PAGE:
Automotive

The Tilley name is synonymous with historic motor racing in Australia.

Brothers Cameron and Brad were inspired by the feats of their father and raced from an early age.

Cameron has the Anglomoil Pacer – the only six cylinder in the Touring Car Masters championship – and is the reigning Pro Am champion. Despite giving away such a huge amount of horsepower he is usually seen nibbling at the heels of the leading pack thanks to his ten-tenths driving style.

He changed over to Anglomoil’s new RASYN GT R60 motor racing engine oil and announced immediate results at the Bathurst 1000 weekend…saying that for the first time he still had oil pressure after coming off the track at the end of the race.

Cameron dropped the sump to check on the engine leading up to the final round of the year and for the first time decided to just leave the oil in there (he would usually replace it)…saying that the piston bores looked like they had just been honed yesterday, there were no signs of wear…despite two practice sessions, qualifying and three races across Mount Panorama.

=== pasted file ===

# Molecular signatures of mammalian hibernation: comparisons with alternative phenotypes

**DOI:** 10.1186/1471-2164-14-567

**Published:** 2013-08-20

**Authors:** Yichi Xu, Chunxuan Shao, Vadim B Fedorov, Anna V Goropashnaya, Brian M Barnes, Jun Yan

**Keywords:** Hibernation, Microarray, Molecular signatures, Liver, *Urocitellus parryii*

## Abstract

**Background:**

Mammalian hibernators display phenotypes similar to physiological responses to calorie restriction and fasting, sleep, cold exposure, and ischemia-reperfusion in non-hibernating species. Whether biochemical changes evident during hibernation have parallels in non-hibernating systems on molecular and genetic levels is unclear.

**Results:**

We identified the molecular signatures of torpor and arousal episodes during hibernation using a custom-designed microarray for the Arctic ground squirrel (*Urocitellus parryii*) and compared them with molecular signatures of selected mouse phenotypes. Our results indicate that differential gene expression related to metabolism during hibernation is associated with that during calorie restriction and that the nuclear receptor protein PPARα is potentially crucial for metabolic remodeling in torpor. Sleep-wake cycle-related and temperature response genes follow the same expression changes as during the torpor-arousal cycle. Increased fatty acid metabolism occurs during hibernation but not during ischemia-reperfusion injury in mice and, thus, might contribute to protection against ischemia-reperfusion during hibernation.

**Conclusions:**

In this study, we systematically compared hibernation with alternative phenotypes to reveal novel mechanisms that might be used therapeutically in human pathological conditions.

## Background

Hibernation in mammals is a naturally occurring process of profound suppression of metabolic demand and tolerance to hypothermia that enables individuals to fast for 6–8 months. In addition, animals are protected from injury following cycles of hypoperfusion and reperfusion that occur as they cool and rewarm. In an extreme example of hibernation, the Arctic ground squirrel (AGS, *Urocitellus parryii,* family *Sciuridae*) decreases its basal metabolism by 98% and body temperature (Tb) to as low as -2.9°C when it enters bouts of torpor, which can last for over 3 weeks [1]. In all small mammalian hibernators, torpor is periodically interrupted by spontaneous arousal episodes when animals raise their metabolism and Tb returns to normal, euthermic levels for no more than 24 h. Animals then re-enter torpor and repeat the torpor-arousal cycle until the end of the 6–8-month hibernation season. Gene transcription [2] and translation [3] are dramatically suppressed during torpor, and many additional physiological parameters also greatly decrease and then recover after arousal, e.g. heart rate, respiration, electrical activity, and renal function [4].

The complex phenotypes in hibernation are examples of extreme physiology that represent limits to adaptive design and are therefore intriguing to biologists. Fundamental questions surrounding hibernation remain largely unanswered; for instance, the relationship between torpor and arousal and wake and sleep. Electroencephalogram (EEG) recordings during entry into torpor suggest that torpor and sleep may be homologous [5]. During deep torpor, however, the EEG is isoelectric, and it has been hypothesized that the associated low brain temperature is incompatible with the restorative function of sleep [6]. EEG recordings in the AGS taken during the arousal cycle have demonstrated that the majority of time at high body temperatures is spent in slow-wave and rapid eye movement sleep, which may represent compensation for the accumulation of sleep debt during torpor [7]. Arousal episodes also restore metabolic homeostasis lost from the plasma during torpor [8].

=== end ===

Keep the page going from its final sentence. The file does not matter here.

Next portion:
Brad, who operates a work shop next door to Cameron’s on Sydney’s Northern Beaches, has a large group of customer cars including beautifully presented historic Mustangs and Falcon GTHO’s. His own car is a Sixties Mustang.

He followed suit and put RASYN GT R60 into his Mustang for the Muscle Car Masters weekend,

“I ran the GT R60 in my car for the Muscle Car Masters round at Eastern Creek. I usually change the oil after each round but when I checked it, it looked so good just like new that I kept it in the car for this weekend.  I’ve never done that before.”

“I run race engines really hard on the dyno’ and the oil looks fresh and new.”

At the recent Trans Tasman racing weekend at Eastern Creek Brad had his car plus three other customer cars on the track,

“You can tell the difference when the cars come off the track after a race. The engine temperatures are right up there, really cooking, but we still have oil pressure. The oil is able to cope with very high temperatures.”